Key Points about a Balance Assessment Test

  • A balance assessment test is a series of tests to help diagnose balance disorders.
  • Your doctor may order a balance assessment test to diagnose a variety of balance disorders such as benign paroxysmal positional vertigo, Meniere’s disease, vestibular neuritis, migraines, or head injury.
  • There are few risks associated with a balance assessment test.
  • During a balance assessment, your doctor will perform a variety of tests to diagnose your balance disorder.
  • Tests may include electronystagmography (ENG) and videonystagmography (VNG) tests, rotary chair test, posturography, vestibular evoked myogenic potentials (VEMP) test or Dix-Hallpike maneuver.
  • Your treatment plan will depend on which balance disorder you have. Treatment can range from medicines to vestibular rehab. In the most severe cases, you may need surgery.


A balance assessment test, also known as vestibular balance testing or vestibular testing, is a series of tests to evaluate for balance disorders.

A balance disorder is a condition where you may feel dizzy or unsteady on your feet. Balance disorders can range from mild to severe. In severe cases, you may have trouble walking, climbing stairs, or performing day-to-day activities.

Balance disorders are most common in older people. This is a primary reason older adults are more prone to falls than younger people.

Candidates for a balance test

Your doctor may perform a balance test to determine if you have a balance disorder. Causes of balance disorders include:

  • Benign paroxysmal positional vertigo (BPPV)
  • Meniere’s disease
  • Vestibular neuritis
  • Migraines
  • Head injury
  • Side effects from medication usage

Symptoms that may indicate you have one of these disorders include:

  • Feeling dizzy or like you are spinning while standing still.
  • Losing your balance or staggering as you walk.
  • Tinnitus (ringing in the ears).
  • Feeling lightheaded or as if you are floating.
  • Feeling confused or having blurry vision.

Once your doctor can diagnose your condition, he or she can develop a treatment plan to help you return to normal as quickly as possible.

Risks associated with a balance assessment test

Balance Assessment tests are generally safe. While you may feel dizzy or nauseous on some tests, these feelings typically go away quickly.

Preparing for a balance assessment test

Your provider will outline what you need to do to prepare for your balance assessment tests. You may be given any of the following guidelines include:

  • Wear loose, comfortable clothes.
  • Make specific changes to your diet.
  • Stop taking medications a day or more before tests.

Expectations during a balance assessment test

A balance assessment test is typically performed by your primary care provider, audiologist, or ENT specialist. Generally, your provider will need to complete a series of tests to diagnose your balance disorder. Tests may include:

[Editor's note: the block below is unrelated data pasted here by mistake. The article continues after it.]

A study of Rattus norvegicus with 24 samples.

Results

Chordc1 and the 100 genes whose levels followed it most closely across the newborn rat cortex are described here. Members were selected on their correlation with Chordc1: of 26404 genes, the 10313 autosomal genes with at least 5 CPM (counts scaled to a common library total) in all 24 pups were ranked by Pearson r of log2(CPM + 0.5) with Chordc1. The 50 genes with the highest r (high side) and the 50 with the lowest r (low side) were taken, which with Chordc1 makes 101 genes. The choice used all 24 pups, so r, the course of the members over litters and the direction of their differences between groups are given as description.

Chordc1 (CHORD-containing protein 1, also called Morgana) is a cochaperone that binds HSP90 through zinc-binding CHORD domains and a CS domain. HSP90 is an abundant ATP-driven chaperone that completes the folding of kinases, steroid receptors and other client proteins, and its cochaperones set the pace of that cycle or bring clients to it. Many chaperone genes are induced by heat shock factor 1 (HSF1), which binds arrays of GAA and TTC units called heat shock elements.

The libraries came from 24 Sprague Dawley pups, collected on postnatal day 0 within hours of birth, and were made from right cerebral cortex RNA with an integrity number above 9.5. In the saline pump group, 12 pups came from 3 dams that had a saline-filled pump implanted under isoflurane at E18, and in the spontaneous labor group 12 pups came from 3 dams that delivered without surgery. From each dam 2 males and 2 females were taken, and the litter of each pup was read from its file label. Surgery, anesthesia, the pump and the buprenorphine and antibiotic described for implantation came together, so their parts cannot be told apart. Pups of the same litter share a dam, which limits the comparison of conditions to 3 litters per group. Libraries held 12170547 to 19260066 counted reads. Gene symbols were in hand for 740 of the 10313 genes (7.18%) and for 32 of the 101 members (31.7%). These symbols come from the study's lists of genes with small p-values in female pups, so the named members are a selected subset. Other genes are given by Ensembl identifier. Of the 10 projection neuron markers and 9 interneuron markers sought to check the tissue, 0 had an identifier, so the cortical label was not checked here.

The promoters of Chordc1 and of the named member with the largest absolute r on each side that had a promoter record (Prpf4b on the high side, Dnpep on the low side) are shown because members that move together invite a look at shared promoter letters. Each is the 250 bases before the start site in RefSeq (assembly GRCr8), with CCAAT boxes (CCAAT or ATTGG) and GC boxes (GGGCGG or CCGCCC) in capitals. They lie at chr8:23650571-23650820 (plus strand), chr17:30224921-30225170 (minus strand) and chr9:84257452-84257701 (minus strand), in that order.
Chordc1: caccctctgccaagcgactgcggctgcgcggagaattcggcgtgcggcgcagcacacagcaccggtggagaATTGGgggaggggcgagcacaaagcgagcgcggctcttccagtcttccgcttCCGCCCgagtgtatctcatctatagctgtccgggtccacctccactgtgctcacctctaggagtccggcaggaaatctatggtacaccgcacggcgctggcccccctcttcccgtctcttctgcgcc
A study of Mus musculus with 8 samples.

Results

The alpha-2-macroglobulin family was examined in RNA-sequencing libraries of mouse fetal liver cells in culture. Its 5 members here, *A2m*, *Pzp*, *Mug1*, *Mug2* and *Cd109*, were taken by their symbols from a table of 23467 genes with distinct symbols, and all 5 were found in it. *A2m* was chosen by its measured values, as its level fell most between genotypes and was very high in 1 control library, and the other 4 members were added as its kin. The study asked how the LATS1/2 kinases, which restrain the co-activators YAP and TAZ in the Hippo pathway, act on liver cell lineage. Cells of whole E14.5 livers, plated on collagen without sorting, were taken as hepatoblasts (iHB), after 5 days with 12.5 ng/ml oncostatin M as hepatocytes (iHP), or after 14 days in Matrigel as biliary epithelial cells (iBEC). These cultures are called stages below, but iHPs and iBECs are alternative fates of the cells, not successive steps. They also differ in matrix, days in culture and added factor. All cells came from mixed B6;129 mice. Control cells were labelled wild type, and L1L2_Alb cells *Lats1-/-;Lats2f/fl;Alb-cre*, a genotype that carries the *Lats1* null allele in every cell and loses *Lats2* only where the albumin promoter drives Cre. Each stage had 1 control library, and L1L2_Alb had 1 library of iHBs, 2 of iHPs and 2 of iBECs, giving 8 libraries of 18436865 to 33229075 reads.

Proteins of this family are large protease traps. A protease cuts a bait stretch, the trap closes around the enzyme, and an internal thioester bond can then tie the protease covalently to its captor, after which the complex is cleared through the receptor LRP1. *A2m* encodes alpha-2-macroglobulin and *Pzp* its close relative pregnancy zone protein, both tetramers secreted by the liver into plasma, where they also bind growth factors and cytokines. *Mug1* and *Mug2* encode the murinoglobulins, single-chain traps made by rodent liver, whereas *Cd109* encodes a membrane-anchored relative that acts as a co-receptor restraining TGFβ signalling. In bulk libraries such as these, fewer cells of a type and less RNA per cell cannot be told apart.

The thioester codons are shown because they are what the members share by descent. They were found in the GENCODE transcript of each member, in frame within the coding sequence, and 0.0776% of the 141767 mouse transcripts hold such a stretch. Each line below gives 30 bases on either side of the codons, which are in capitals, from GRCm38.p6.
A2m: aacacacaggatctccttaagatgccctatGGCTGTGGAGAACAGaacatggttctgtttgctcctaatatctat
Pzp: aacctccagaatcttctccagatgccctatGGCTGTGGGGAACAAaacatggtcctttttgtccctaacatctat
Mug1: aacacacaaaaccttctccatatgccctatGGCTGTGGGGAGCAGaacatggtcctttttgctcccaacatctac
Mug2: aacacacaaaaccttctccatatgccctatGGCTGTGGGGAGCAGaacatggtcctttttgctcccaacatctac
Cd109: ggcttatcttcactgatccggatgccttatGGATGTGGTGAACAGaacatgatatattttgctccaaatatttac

Electronystagmograpy (ENG) and videonystagmography (VNG) tests

An ENG or VNG test records and measures your eye movements to evaluate your balance. During testing, you will be asked to:

  • Sit in a dark room.
  • Follow patterns of light on a screen.
  • Move into various positions as you follow the light pattern.
  • Put warm or cold water into your ear to cause your eyes to move in specific directions. This test could reveal you have nerve damage in the inner ear.

Rotary chair test

A rotary chair test will evaluate your eye movements. During the test, you will sit in a motorized chair and put on special goggles that will record your eye movements as the chair moves in different directions.

Posturography test

Posturography tests measure your ability to stay balanced while standing. During the test, you will stand on a platform without shoes on. The platform will move around at various angles to evaluate your ability to stand on a moving surface. You will wear a safety harness during this test.

Vestibular-evoked myogenic potentials (VEMP) test

A VEMP test will measure how your muscles react to sound to evaluate problems with your inner ear. During the test, you will recline in a chair with earphones on. Sensor pads will be attached to your neck, forehead, and under your eyes, recording your muscle movements in these areas. You will be asked to lift your head or eyes while different sound patterns are sent to the earphones.

Dix-Hallpike maneuver

A Dix-Hallpike maneuver measures how your eyes react to quick, abrupt movements. During this test, your provider will quickly move you into various positions and evaluate your eye movements to see if you feel like you are moving or spinning.

Your doctor may also perform a video head impulse test, which is a newer version of the Dix-Hallpike maneuver. During this test, you will wear goggles to record your eye movements while your doctor gently turns your head.

Recovery from a balance assessment test

If your results were abnormal, your doctor may develop a treatment plan or order more tests. Depending on your diagnosis, treatment may include:

  • Medicines to control symptoms
  • Positioning exercises - if you have BPPV, you may need an Epley maneuver to reposition crystals in the inner ear, which are causing your symptoms.
  • Lifestyle modifications or changes - for certain balance disorders such as Meniere's disease, lifestyle modifications such as quitting smoking or changing your diet can help relieve your symptoms.
  • Vestibular rehab - exercises to help you improve your balance and prevent falls.
  • Surgery - if all other conservative treatments have failed, surgery may help correct your inner ear issues. The type of surgery you need will depend on the cause of your disorder.